In his book, “Epidemics and Society”, published last year, Frank Snowden does just that.1 Exhibiting diligence and deep knowledge, Snowden demonstrates how pandemics have shaped history and how history has shaped pandemics.  In doing so, he helps us understand the complex interplay among biological, social, economic, environmental, and political factors as pandemics have come and gone throughout human history.

As an example of pandemics shaping history, Snowden relates the story of Napoleon’s attempt to suppress the slave rebellion in what is today’s Dominican Republic.  The rebels understood that yellow fever, to which most African slaves were immune, could help them defeat the French army. When the French arrived in late winter, the rebels embarked on a guerilla warfare strategy forcing them to stay huddled in the ports until the weather warmed up enough for yellow fever to spread among the soldiers. Within months, the decimated French army surrendered and Napoleon decided that without this foothold in the New World, he would sell the Louisiana territory to the U.S. and turn his attention eastward to Russia and India.  

But history has also shaped pandemics. The bubonic plague in Europe, the most lethal of all pandemics to date, would likely have been dramatically less severe had there not been a robust shipping industry that brought the rats (rattus rattus) that carried yersinia pestis from far flung ports in Asia. Likewise, urbanization facilitated the spread of diseases such as cholera.

Another fascinating theme in Snowden’s book is the impact of pandemics on the gradual development of public health and advances in medicine. He carefully traces the first quarantines in Italy to control the spread of bubonic plague, the development of smallpox vaccine by Edward Jenner, and efforts to improve sanitation in response to cholera. He describes advances in science and medicine that led to Louis Pasteur’s germ theory, the development of antibiotics, polio vaccine, and anti-viral drugs. 

Even with all those advances, Snowden argues that microbes possess formidable advantages in their Darwinian battle with humans: “they enjoy enormous mutability, and they replicate a billion times more quickly than humans.” 2  As this millennium has already seen outbreaks of SARS, MERS, Ebola, Zika, and now COVID-19, there is a compelling need for health care professionals to help find ways to advance our knowledge and skills in managing pandemics.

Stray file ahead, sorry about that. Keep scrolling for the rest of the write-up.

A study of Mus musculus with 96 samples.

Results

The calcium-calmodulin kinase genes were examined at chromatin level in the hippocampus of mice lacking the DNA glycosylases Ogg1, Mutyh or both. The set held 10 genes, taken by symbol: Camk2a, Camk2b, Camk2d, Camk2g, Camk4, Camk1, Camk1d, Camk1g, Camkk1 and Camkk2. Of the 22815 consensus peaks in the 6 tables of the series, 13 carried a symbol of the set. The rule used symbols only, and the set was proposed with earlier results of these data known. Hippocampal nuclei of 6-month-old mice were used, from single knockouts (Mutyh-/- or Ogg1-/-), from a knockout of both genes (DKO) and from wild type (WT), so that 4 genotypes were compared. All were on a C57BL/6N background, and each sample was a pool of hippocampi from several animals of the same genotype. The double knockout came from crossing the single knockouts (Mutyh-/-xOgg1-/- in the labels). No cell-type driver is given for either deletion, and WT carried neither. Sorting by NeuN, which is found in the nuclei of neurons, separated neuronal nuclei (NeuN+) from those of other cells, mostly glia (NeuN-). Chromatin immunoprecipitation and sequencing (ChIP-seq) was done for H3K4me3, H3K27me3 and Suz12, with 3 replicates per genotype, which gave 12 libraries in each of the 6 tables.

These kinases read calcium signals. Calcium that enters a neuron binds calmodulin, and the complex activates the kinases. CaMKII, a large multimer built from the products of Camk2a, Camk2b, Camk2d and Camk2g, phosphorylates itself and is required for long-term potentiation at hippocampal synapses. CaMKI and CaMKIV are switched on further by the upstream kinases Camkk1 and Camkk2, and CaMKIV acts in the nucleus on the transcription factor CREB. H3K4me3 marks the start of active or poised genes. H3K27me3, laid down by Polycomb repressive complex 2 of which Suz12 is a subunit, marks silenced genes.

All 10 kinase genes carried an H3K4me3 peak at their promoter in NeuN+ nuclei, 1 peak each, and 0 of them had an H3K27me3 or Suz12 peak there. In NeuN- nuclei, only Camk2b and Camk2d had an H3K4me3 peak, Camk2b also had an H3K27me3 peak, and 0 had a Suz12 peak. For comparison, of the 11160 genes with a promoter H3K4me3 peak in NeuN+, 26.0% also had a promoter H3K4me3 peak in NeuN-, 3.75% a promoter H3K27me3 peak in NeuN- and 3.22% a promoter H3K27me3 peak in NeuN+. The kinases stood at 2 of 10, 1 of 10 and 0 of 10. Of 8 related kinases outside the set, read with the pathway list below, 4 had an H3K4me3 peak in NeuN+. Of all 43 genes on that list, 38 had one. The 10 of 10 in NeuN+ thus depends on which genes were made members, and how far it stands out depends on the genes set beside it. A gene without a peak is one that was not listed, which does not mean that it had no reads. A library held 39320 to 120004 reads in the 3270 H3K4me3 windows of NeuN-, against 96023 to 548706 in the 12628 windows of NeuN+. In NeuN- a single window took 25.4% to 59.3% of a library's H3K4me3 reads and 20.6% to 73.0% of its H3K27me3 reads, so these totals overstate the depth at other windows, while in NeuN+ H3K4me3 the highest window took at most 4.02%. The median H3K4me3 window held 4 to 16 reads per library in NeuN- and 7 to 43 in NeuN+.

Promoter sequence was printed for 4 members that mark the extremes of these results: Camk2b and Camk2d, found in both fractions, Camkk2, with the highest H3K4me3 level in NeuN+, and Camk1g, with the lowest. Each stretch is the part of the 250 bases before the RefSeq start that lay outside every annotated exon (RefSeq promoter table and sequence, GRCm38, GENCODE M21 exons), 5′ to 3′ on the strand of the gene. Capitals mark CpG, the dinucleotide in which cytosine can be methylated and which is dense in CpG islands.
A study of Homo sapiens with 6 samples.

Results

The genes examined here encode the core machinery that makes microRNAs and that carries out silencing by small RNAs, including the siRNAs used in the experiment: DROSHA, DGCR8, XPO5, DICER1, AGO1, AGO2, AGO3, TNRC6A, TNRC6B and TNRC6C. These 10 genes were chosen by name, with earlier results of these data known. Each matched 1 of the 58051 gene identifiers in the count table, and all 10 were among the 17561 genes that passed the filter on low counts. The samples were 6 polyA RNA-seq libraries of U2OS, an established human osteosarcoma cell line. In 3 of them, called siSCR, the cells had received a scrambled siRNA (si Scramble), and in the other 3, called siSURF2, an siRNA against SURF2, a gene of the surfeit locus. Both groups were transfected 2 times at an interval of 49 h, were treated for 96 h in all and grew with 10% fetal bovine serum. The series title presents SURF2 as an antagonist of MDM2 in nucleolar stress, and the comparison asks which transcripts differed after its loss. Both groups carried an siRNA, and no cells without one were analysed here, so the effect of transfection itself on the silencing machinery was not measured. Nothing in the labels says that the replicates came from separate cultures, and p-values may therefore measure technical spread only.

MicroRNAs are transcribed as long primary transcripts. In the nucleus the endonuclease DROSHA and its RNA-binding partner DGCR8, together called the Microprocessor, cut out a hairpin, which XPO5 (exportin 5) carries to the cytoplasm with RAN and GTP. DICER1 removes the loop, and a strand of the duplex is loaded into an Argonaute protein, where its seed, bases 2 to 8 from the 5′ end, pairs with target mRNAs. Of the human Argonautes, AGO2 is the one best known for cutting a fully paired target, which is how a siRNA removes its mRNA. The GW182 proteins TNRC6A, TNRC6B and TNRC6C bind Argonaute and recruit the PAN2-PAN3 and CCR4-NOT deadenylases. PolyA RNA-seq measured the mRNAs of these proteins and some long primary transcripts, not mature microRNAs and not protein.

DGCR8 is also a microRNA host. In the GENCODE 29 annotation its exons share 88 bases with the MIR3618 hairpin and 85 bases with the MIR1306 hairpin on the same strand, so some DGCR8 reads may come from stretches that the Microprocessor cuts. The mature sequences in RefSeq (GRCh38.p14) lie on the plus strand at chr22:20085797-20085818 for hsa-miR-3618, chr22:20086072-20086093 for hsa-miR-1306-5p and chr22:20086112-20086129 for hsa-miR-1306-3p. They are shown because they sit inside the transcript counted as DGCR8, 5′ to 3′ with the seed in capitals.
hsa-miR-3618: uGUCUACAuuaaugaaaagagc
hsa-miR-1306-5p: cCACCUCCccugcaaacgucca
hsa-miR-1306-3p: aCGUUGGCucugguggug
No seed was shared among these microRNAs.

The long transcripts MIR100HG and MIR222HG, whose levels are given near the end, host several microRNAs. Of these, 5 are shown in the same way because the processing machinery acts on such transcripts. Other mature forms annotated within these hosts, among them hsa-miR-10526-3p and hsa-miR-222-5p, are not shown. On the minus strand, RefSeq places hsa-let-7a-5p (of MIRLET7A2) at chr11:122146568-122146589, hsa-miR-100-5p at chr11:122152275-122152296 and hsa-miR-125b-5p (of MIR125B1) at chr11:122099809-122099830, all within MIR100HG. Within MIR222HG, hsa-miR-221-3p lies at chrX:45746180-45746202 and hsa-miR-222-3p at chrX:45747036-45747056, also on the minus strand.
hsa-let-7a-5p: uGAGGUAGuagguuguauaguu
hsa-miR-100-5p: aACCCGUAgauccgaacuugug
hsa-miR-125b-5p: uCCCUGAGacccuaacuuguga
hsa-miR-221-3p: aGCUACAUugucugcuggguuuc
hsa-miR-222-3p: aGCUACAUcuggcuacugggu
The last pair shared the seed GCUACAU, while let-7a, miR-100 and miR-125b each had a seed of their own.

In our discussions with providers across the country, we’ve been struck by the many examples of courage, commitment and creativity they’ve exhibited in confronting the immediate challenges of this pandemic. Applying that same approach and collaborating across sectors, from providers and health information technology to public health and pharmacy, we can all help define the longer term solutions that will protect us from the ongoing threat of this and future pandemics. 

1Epidemics and Society From the Black Death to the Present, Frank M. Snowden, New Haven & London, Yale University Press, 2019

2IOM Emerging Infections: Microbial Threats to Health in the United States, Washington, DC: National Academy Press, 1992


Dr. Martin Lustick

Senior Vice President, NextGen Advisors

Dr. Martin Lustick is a principal and senior vice president with NextGen Healthcare focused on supporting provider organizations in their successful transition from volume to value-based care.

Dr. Lustick earned a BA in History from Cornell and an MD from Columbia. After completing his pediatric residency at Children’s Hospital National Medical Center in Washington, DC, he was in clinical practice for 17 years with Kaiser Permanente of the Mid-Atlantic States. While there, Dr. Lustick held various management and leadership roles, including chief operating officer for the 800-physician medical group. He oversaw development of their hospitalist program, population health capability, and open access delivery model.

Dr. Lustick then served as chief medical officer for ThompsonHealth—a small health system in Canandaigua, NY—where he provided clinical oversight for hospital, SNF, nursing home, IT, and out-patient physician practices.

In 2005, Dr. Lustick assumed the role of SVP & CMO for Excellus BCBS which covers 1.6 million lives comprised of Medicare, Commercial, and Medicaid. In his 13+ year tenure there he led a variety of strategic initiatives, including a patient-centered medical home program which served as the foundation for the plan’s value-based payment strategy. He also led the implementation of an automated authorization program for care management services, development of a clinical quality improvement strategy, and creation of innovative programs in management of low back pain, screening and prevention, opioid addiction, and chronic disease management.

Dr. Lustick has also been very active in the community, serving on boards and committees confronting issues such as: healthcare capacity planning, Health Information Exchange, mental health, substance use disorders, social determinants of health, and childhood obesity.